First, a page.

On May 4, over 20 professionals from across industries attended a Tea Talk session at the IERP® International Secretariat. Our keynote speaker for this session was Mr. Ramesh Pillai, Chairman of the Board of Governors of the IERP® and Group Managing Director of Friday Concepts, an ERM, GRC, and BCM boutique consultancy. Speaking on distinguishing between Enterprise Risk Management (ERM) and Operational Risk Management (ORM) approaches, he aimed to dispel common misconceptions of the two related but different approaches.
He noted that more attention has been placed on Operational Risk as of late as a result of geopolitical volatility and technological disruptions. The possible escalation of conflict and the deterioration of interstate ties, for example, are genuine concerns that would have far-reaching effects across the interconnected global economy. With a large range of risk factors to consider, an organization can face up to thousands of risks at a time, most of which are constantly changing and need to be re-evaluated as such. In such an environment, it is essential that risk management moves from a siloed approach towards a more integrated and dynamic one.
ERM as a Strategic Management Tool
Though ORM is practiced enterprise-wide, its practice and implementation is limited to Operational risk matters and issues – with little or no direct linkage to an organisation’s strategy – and with an emphasis on controls and eliminating risk. Conversely, Pillai emphasised that ERM is a strategic management tool that needs to be applied enterprise-wide while also creating connections between all stakeholders.
Thus, the ERM framework doesn’t start with controls; it starts with the vision, mission, strategies and goals of an organisation. At the same time, however, there is often a disconnect between vision/ mission and strategy/ risk management. This is a missed opportunity as a clearly-articulated vision or mission, along with strategic objectives that line up with it, can be a useful starting point to ensure that top management down to daily operations are on the same page and will be better placed to manipulate risk and, hence, returns.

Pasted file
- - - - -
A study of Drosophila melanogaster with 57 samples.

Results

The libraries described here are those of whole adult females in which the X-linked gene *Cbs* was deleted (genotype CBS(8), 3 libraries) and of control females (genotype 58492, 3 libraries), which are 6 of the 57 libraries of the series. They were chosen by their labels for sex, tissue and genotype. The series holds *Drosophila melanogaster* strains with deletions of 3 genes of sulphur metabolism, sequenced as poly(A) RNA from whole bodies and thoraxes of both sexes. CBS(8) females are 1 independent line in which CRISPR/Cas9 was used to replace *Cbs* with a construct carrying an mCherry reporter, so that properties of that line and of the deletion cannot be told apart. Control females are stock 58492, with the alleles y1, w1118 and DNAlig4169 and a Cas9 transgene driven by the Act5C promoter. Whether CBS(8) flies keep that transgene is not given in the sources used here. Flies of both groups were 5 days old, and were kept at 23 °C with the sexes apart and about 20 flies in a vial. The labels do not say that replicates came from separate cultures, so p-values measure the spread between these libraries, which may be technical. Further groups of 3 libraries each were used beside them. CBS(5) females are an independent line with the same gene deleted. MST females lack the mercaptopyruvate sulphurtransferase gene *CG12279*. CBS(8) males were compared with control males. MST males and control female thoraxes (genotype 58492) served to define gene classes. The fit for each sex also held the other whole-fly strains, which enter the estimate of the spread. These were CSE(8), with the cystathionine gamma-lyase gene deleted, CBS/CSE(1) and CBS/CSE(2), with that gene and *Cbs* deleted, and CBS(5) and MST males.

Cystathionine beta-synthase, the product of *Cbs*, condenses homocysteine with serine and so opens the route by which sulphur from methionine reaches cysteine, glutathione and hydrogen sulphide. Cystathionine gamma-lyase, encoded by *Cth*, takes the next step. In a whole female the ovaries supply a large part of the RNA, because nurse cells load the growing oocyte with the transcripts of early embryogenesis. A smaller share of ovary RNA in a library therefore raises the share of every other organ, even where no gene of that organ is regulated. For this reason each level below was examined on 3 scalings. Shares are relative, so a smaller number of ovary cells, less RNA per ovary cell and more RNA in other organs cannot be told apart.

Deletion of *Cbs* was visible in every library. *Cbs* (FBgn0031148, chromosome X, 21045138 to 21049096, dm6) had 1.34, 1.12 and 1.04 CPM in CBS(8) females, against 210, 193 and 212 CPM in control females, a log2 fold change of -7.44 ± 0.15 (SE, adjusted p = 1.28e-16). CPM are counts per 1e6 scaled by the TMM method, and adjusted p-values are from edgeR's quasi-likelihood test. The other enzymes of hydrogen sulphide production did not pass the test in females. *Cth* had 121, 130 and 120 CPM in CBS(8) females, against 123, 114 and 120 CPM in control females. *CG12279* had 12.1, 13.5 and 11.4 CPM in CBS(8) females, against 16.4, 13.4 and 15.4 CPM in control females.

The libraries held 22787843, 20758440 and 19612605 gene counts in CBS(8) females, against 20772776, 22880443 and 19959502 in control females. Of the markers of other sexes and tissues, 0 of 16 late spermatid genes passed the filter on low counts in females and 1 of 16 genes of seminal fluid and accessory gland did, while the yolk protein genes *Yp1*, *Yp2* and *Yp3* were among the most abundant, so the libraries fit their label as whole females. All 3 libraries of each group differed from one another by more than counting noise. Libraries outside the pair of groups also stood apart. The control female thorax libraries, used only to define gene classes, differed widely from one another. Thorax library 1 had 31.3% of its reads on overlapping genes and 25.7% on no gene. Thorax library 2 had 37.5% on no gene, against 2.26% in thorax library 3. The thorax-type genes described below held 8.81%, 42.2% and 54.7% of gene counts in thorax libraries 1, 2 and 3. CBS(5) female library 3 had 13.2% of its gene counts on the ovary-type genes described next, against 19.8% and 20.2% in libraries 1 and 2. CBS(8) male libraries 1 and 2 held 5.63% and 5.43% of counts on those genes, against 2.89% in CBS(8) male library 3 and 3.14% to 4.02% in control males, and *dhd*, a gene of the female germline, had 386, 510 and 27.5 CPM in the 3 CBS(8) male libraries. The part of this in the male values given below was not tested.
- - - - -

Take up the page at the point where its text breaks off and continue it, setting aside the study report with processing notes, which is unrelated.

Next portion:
Value Creation vs. Value Preservation
From Pillai’s perspective, the aim of risk management should be to create value in line with those objectives, using a proactive approach to find new streams of revenue via opportunistic risk, in turn ensuring business sustainability; that is the basis of the ERM framework.
In essence, whilst ERM is proactive, ORM is protective. While ERM seeks to optimise risk, ORM seeks to eliminate or minimise risk. In ERM, it can be a reasonable step to attempt to increase risk, so that there will be higher return; in ORM, there is no such thing as a return on risk. ORM, as an essential but limited framework, should be integrated as part of an overall ERM strategy.
Other Key Takeaways: Fraud Management and Cyber-security
During Q&A, participants were particularly engaged with the topic of fraud management, a key function of ORM. Pillai drew on his past experience to point out that while whistle blowing is the best method for detecting fraud, there must be the appropriate culture in place that allows employees to report on wrongdoing without fear of repercussions on their personal or professional life. This is not the case, for example, if organisations lack the policies or processes to ensure anonymity in reporting or provide certain protections. Overall, a culture rooted in integrity will also be conducive to efficient risk management.
Another key discussion point was on cyber-security. Pillai stressed that cyber-security is the top risk for the current business landscape. Rapid advances in technology allow for ever-greater risks related to cyber-attacks and data-theft, and implementing cyber-defenses and performing scenario tests are now a necessity to anticipate and mitigate potential disasters.
In this age of uncertainty and constant innovation, the proactive and offensive nature of the ERM approach is well-suited for organisations seeking to thrive, not just survive. As Pillai put it, “You should disrupt yourself before a competitor or the economy disrupts you.”